My wife just shared this with me. Like another time, it’s on prayer.
It’s so great, I just had to share it now…
Hello, my name is Max. I’m a recovering prayer wimp. I doze off when I pray. My thoughts zig, then zag, then zig again. Distractions swarm like gnats on a summer night. If attention deficit disorder applies to prayer, I am afflicted. When I pray, I think of a thousand things I need to do. I forget the one thing I set out to do: pray.
Some people excel in prayer. They inhale heaven and exhale God. They are the SEAL Team Six of intercession. They would rather pray than sleep. Why is it that I sleep when I pray? They belong to the PGA: Prayer Giants Association. I am a card-carrying member of the PWA: Prayer Wimps Anonymous.
Can you relate? It’s not that we don’t pray at all. We all pray some.
On tearstained pillows we pray.
In grand liturgies we pray.
At the sight of geese in flight, we pray.
Quoting ancient devotions, we pray.
We pray to stay sober, centered, or solvent. We pray when the lump is deemed malignant. When the money runs out before the month does. When the unborn baby hasn’t kicked in a while. We all pray . . . some.
But wouldn’t we all like to pray . . .
With more fire, faith, or fervency?
Yet we have kids to feed, bills to pay, dead-lines to meet. The calendar pounces on our good intentions like a tiger on a rabbit. We want to pray, but when?
We want to pray, but why? We might as well admit it. Prayer is odd, peculiar. Speaking into space. Lifting words into the sky. We can’t even get the cable company to answer us, yet God will? The doctor is too busy, but God isn’t? We have our doubts about prayer.
And we have our checkered history with prayer: unmet expectations, unanswered requests. We can barely genuflect for the scar tissue on our knees. God, to some, is the ultimate heartbreaker.
Why keep tossing the coins of our longings into a silent pool? He jilted me once . . . but not twice.
Oh, the peculiar puzzle of prayer.
We aren’t the first to struggle. The sign- up sheet for Prayer 101 contains some familiar names: the apostles John, James, Andrew, and Peter. When one of Jesus’ disciples requested, “Lord, teach us to pray” (Luke 11:1 niv), none of the others objected. No one walked away saying, “Hey, I have prayer figured out.” The first followers of Jesus needed prayer guidance.
In fact, the only tutorial they ever requested was on prayer. They could have asked for instructions on many topics: bread multiplying, speech making, storm stilling. Jesus raised people from the dead. But a “How to Vacate the Cemetery” seminar? His followers never called for one. But they did want him to do this: “Lord, teach us to pray.”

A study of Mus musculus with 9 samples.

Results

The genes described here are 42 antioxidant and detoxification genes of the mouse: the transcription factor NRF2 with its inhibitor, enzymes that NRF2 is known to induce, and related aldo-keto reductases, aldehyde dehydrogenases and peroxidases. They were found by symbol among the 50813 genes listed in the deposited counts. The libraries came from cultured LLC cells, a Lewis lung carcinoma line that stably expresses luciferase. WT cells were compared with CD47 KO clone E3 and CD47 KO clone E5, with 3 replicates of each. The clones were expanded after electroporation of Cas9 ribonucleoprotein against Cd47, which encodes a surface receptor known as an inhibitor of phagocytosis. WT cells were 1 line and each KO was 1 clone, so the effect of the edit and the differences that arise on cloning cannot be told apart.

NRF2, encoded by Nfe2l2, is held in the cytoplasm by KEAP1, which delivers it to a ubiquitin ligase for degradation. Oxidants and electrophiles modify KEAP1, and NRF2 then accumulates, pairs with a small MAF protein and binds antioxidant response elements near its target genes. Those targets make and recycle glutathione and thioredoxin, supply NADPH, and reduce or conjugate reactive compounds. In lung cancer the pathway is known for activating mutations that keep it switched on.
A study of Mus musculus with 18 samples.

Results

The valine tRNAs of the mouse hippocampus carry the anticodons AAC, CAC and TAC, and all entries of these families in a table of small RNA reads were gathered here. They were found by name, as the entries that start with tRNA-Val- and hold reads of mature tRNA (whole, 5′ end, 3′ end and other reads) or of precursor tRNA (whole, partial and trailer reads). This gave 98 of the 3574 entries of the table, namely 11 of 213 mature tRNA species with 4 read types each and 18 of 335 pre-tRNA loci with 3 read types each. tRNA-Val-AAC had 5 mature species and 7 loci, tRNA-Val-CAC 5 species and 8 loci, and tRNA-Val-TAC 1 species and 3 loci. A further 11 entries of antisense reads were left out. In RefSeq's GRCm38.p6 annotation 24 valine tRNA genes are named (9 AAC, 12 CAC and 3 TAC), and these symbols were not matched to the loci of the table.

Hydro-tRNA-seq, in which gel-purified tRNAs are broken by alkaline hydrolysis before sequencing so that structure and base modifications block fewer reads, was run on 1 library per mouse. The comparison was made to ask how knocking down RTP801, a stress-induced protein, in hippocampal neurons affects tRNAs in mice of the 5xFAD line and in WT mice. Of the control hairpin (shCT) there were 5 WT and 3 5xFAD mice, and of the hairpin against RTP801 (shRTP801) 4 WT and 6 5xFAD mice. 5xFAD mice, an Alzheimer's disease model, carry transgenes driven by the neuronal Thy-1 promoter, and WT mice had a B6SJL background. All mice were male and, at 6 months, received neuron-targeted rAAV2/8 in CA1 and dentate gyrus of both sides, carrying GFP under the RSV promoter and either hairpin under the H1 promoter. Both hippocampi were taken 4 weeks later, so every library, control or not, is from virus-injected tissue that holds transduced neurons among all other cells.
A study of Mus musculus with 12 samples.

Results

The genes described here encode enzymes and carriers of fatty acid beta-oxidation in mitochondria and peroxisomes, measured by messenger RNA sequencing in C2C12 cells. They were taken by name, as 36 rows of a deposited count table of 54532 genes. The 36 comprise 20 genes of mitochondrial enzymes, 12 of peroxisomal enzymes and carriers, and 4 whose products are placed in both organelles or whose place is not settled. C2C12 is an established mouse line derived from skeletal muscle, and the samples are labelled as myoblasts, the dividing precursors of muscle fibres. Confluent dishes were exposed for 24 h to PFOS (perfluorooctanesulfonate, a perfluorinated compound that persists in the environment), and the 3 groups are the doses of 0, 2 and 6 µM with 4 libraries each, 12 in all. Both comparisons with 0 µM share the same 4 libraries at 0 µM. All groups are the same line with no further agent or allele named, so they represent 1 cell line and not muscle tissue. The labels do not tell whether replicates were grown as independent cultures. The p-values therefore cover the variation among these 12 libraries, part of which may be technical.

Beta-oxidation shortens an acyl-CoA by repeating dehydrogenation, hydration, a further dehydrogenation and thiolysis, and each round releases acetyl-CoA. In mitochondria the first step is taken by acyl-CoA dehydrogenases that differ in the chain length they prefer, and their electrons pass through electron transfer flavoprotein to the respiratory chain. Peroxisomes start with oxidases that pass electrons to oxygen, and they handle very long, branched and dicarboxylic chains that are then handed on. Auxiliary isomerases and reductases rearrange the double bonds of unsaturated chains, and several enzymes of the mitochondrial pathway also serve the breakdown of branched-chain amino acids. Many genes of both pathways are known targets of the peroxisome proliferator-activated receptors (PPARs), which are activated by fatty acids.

Might their interest have had something to do with the jaw-dropping, eye-popping promises Jesus attached to prayer? “Ask and it will be given to you” (Matt. 7:7 niv). “If you believe, you will get anything you ask for in prayer” (Matt. 21:22 ncv). Jesus never attached such power to other endeavors. “Plan and it will be given to you.” “You will get anything you work for.” Those words are not in the Bible. But these are—“If you remain in me and follow my teachings, you can ask anything you want, and it will be given to you” ( John 15:7 ncv).
Jesus gave stunning prayer promises.
And he set a compelling prayer example. Jesus prayed before he ate. He prayed for children. He prayed for the sick. He prayed with thanks. He prayed with tears. He had made the planets and shaped the stars, yet he prayed. He is the Lord of angels and Commander of heavenly hosts, yet he prayed. He is coequal with God, the exact representation of the Holy One, and yet he devoted himself to prayer. He prayed in the desert, cemetery, and garden. “He went out and departed to a solitary place; and there He prayed” (Mark 1:35).
This dialogue must have been common among his friends:
“Has anyone seen Jesus?”
“Oh, you know. He’s up to the same thing.”
“Yep. He’s been gone since sunrise.”
Jesus would even disappear for an entire night of prayer. I’m thinking of one occasion in particular. He’d just experienced one of the most stressful days of his ministry. The day began with the news of the death of his relative John the Baptist. Jesus sought to retreat with his disciples, yet a throng of thousands followed him. Though grief-stricken, he spent the day teaching and healing people. When it was discovered that the host of people had no food to eat, Jesus multiplied bread out of a basket and fed the entire multitude. In the span of a few hours, he battled sorrow, stress, demands, and needs. He deserved a good night’s rest. Yet when evening finally came, he told the crowd to leave and the disciples to board their boat, and “he went up into the hills by himself to pray” (Mark 6:46 nlt).
Apparently it was the correct choice. A storm exploded over the Sea of Galilee, leaving the disciples “in trouble far away from land, for a strong wind had risen, and they were fighting heavy waves. About three o’clock in the morning Jesus came toward them, walking on the water” (Matt. 14:24–25 nlt). Jesus ascended the mountain depleted. He reappeared invigorated. When he reached the water, he never broke his stride. You’d have thought the water was a park lawn and the storm a spring breeze.
Do you think the disciples made the prayer– power connection? “Lord, teach us to pray like that. Teach us to find strength in prayer. To banish fear in prayer. To defy storms in prayer. To come off the mountain of prayer with the authority of a prince.”
What about you? The disciples faced angry waves and a watery grave. You face angry clients, a turbulent economy, raging seas of stress and sorrow.
“Lord,” we still request, “teach us to pray.”
When the disciples asked Jesus to teach them to pray, he gave them a prayer. Not a lecture on prayer. Not the doctrine of prayer. He gave them a quotable, repeatable, portable prayer (Luke 11:1–4).
Could you use the same?
From Pocket Prayers by Max and Andrea Lucado.